Ted Cruz's effort to derail key election reform bill ends with a whimper
Ted Cruz (Screen Grab)

Some Republicans have tried to stop the Electoral Count Reform and Presidential Transition Improvement Act from passing the U.S. Senate -- including Sen. Ted Cruz (R-TX), who fought the bill from making it out of the Senate Rules Committee to a full Senate vote, the Washington Post reported Wednesday.

The bill is Sen. Susan Collins' (R-ME) attempt to reinforce laws that the vice president has no power unilaterally reject certified election results, as former President Donald Trump urged Vice President Mike Pence to do.

Even though Trump himself has demanded that Senate Republicans vote against the bill, his pleas have fallen on deaf ears as many GOP senators are lining up behind it.

"Indeed, whatever opposition existed, it has generally only reared its head when votes were forced. To the extent anyone wanted to defeat the bill, they didn’t lodge their case too loudly," wrote the Post.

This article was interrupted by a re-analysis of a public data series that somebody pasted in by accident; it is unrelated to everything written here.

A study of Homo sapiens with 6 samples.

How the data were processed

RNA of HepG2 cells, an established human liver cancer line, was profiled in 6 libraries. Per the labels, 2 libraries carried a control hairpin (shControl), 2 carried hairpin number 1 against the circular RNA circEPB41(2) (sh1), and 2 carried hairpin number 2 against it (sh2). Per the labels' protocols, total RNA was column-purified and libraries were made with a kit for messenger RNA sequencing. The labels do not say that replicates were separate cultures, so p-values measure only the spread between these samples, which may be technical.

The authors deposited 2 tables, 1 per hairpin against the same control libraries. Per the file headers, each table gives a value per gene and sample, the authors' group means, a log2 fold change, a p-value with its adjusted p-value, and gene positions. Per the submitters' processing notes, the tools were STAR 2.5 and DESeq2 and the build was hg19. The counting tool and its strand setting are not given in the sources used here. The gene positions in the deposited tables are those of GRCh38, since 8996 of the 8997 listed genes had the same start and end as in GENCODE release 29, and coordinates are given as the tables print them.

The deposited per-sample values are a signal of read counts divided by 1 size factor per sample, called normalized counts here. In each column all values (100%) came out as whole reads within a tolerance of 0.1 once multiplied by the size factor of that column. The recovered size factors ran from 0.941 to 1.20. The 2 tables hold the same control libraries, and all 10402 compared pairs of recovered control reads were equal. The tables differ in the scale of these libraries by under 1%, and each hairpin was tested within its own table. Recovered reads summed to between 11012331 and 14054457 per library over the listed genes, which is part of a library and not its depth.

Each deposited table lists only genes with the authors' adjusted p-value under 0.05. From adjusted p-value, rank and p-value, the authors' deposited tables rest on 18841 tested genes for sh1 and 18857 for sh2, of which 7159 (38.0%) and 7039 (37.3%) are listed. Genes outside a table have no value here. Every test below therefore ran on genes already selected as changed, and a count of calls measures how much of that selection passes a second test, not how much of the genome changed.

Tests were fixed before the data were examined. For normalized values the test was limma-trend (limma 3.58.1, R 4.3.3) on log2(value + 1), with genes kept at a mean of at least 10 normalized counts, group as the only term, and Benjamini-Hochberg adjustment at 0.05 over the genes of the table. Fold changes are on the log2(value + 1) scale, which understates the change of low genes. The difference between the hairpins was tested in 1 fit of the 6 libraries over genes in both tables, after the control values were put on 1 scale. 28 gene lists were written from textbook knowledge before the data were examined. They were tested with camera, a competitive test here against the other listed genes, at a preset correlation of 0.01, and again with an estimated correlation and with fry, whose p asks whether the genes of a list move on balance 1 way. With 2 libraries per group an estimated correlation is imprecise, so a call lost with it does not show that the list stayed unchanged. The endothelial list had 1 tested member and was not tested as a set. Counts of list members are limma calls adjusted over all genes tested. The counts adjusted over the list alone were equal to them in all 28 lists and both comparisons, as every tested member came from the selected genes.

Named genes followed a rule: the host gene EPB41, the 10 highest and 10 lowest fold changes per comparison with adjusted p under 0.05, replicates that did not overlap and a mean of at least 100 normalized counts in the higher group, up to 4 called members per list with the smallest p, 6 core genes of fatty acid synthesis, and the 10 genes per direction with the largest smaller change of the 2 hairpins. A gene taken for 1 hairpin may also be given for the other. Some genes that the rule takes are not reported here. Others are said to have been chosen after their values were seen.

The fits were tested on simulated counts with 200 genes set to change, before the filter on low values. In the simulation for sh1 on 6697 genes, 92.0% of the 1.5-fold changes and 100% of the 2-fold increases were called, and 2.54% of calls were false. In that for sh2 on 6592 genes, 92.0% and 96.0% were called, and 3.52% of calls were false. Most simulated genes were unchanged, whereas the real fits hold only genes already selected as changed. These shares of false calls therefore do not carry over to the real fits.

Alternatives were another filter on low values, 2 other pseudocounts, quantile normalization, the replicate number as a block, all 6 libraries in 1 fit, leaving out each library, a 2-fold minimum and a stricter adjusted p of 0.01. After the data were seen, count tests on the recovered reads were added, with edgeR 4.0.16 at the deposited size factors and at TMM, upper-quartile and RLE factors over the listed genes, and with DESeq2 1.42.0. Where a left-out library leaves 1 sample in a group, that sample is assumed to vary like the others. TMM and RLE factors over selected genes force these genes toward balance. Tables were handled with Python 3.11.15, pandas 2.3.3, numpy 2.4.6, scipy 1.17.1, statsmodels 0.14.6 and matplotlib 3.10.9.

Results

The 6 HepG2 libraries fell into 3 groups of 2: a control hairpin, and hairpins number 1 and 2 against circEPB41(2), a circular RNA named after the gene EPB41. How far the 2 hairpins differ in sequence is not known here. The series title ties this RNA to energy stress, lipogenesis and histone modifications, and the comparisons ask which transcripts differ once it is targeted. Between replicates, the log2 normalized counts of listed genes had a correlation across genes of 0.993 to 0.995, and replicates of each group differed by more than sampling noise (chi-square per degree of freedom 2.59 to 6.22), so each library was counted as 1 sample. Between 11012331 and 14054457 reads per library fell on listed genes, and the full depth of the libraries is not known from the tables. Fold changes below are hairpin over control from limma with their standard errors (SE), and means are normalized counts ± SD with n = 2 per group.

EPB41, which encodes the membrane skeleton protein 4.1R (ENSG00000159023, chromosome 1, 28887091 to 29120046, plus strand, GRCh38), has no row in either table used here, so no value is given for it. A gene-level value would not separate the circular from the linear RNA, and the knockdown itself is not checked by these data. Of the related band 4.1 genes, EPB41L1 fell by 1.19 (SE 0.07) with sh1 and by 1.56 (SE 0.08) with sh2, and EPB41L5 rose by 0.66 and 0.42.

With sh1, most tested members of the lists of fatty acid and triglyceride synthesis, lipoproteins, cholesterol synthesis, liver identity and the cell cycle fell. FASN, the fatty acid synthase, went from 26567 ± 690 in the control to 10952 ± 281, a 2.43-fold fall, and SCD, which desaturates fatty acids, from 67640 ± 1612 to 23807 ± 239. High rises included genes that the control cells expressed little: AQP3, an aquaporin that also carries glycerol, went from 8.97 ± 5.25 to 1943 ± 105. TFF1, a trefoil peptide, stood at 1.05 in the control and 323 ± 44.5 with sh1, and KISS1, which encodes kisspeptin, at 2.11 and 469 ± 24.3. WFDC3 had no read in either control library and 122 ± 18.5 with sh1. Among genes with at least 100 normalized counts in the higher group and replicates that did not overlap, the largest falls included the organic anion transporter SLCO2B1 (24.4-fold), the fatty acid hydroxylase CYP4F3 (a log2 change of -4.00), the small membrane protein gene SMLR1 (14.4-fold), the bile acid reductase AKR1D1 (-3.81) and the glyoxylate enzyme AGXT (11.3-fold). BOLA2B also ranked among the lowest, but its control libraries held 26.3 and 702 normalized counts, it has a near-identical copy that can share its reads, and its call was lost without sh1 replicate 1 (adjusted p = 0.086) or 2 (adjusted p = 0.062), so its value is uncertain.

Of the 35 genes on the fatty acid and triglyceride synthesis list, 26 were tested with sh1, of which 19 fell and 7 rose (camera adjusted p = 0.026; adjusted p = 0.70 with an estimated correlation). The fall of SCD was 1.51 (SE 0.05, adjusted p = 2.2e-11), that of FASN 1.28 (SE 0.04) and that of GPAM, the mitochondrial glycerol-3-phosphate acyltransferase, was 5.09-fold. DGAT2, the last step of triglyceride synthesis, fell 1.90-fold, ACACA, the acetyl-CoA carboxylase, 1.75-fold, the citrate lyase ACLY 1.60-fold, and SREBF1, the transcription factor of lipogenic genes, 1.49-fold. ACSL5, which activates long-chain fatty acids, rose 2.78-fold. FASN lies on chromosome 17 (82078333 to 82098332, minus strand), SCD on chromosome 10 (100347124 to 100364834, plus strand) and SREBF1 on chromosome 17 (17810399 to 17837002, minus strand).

Sen. Mitch McConnell (R-KY) announced his support for the bill and other Republicans have quietly fallen in line, with the exception of Cruz and possibly others who have remained quiet.

According to Cruz, the law would diminish Congressional authority to "root out voter fraud," which is typically a legal issue dealt with by state law enforcement. There's no evidence of widespread voter fraud that would have altered the results of the 2020 election.

“I don’t believe senators from this side of the aisle should be supporting a bill that enhances the federalization of elections and reduces the ability of Congress to respond to the very serious problem of voter fraud,” Cruz said.

Former Republican gubernatorial candidate Ken Cuccinelli, meanwhile, claimed that Republicans shouldn't support the bill because Democrats will probably force their election reform rules in the legislation.

But a staff writer of the Libertarian Cato Institute, Andy Craig, noted that any claim the bill is a poisoned pill is false.

“If there has been anybody advocating an unconstitutional federal takeover of the electoral college process, it was those urging federal courts and Congress to throw out the duly cast electoral votes certified by the states in 2020,” Craig wrote.

It's unclear if Cruz will be able to bring anyone else along with him to block the election protection legislation.

Read the full story at the Washington Post.